Cattleman Paul Starnes stands next to hay he bailed on land on Shelby County 28 in the Kingdom. (contributed)
Cattleman Paul Starnes stands next to hay he bailed on land on Shelby County 28 in the Kingdom. (contributed)

Archived Story

Paul Starnes is a 21st century cattleman

Published 4:33pm Monday, September 16, 2013

By PHOEBE DONALD ROBINSON / Community Columnist

Driving from Columbiana toward Lay Lake on Shelby County 28 is the pastoral, rural area called the Kingdom.

Paul Starnes lives and raises cattle in the Kingdom as his father Charlie did before him.

Starnes’ home sits on the land where he grew up, different house but same place. Starnes, a member of the Shelby County Cattleman’s Association, works from dark to dark raising beef cattle exclusively on 170 acres of land he owns and leases. He also bails hay, selling about a quarter and using three quarters of the hay to feed his cattle.

“Today’s cattleman knows more about genetics than my father’s generation,” said Starnes. “I raise an Angus/Brahman cross called Brangus. They are hearty beef cattle. I operate a cow/calf operation. Calving is in the spring from January to March.”

The Brangus breed was developed to combine the superior traits of two different cattle: Angus, known for good carcass quality with fertile females, and Brahman, known for its disease resistance, overall hardiness, and outstanding maternal instincts. Registered Red or Black Brangus must be 5/8 Angus and 3/8 Brahman and polled (no horns).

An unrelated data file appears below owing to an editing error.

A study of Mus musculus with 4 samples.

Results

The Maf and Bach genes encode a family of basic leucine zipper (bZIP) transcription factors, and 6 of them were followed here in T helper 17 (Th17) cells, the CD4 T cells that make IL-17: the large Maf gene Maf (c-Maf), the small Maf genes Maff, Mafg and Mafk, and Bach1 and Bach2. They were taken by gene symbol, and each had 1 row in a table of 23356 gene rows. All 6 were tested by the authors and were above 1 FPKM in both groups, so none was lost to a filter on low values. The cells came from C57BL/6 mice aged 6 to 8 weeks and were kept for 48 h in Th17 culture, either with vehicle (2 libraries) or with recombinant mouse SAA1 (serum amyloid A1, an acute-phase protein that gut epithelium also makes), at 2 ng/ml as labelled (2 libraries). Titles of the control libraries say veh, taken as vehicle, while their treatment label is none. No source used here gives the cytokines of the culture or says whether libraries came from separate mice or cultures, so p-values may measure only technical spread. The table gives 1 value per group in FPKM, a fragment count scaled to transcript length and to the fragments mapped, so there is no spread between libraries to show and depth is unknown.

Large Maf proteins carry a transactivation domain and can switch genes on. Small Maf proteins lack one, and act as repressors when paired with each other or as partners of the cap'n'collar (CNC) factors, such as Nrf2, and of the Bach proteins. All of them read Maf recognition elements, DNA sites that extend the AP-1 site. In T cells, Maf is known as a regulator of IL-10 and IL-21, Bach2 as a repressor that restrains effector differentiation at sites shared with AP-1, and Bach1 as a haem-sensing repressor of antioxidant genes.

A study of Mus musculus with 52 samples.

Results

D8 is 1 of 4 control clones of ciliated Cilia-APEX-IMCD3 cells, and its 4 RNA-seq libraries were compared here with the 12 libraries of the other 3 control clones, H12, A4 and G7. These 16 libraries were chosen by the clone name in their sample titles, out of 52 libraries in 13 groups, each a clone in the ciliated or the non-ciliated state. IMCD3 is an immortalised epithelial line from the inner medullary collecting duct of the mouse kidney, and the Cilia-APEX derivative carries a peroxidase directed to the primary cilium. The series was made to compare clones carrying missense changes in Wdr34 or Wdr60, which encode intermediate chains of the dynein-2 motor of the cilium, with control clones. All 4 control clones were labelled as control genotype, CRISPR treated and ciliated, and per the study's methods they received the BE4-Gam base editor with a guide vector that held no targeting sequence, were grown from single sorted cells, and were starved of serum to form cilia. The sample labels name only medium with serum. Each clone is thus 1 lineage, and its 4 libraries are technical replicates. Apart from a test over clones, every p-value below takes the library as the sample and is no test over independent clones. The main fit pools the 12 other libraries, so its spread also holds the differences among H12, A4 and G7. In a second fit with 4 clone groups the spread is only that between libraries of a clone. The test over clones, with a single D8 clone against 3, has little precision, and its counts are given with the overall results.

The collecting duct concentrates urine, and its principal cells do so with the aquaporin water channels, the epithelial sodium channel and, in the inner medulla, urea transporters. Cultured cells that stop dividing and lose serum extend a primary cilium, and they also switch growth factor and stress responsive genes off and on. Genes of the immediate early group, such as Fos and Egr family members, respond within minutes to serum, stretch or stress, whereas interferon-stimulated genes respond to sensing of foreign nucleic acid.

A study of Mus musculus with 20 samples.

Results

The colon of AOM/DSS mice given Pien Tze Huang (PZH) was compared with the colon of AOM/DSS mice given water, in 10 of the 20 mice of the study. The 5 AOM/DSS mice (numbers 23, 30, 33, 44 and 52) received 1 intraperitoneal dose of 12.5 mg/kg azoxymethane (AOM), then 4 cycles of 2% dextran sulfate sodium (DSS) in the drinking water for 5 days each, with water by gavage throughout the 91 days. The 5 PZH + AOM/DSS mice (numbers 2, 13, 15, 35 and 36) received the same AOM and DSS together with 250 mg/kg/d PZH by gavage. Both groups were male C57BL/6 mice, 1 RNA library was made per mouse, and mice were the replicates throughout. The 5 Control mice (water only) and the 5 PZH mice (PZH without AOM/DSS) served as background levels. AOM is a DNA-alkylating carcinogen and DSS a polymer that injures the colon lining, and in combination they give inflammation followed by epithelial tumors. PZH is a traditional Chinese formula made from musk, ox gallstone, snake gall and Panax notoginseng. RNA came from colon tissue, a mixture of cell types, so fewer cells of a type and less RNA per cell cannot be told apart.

“I have a book that has all the information about my cattle,” said Starnes. “I write down the tag number, sex and parentage. I sell my cattle at auction in Montgomery.”

Starnes lost his wife Linda of 36 years in 2001. Five years ago, he married wife Elizabeth and they have five grandchildren. However, Starnes is the last generation in his family to be a Shelby County cattleman. Son Ted is a marine biologist working on the Bering Sea and son Travis is a master mechanic with Mercedes in Hoover. Daughter Teresa lives in Concord with her family.

“Raising cattle is in my blood,” said Starnes. “I just can’t leave them alone. I love to watch them grow and calf. I enjoy selling them and getting a good price. It is a business. It is a blessing to be able to work outside and see the deer, turkeys and geese. It is a pleasure to just be outside and see it all.”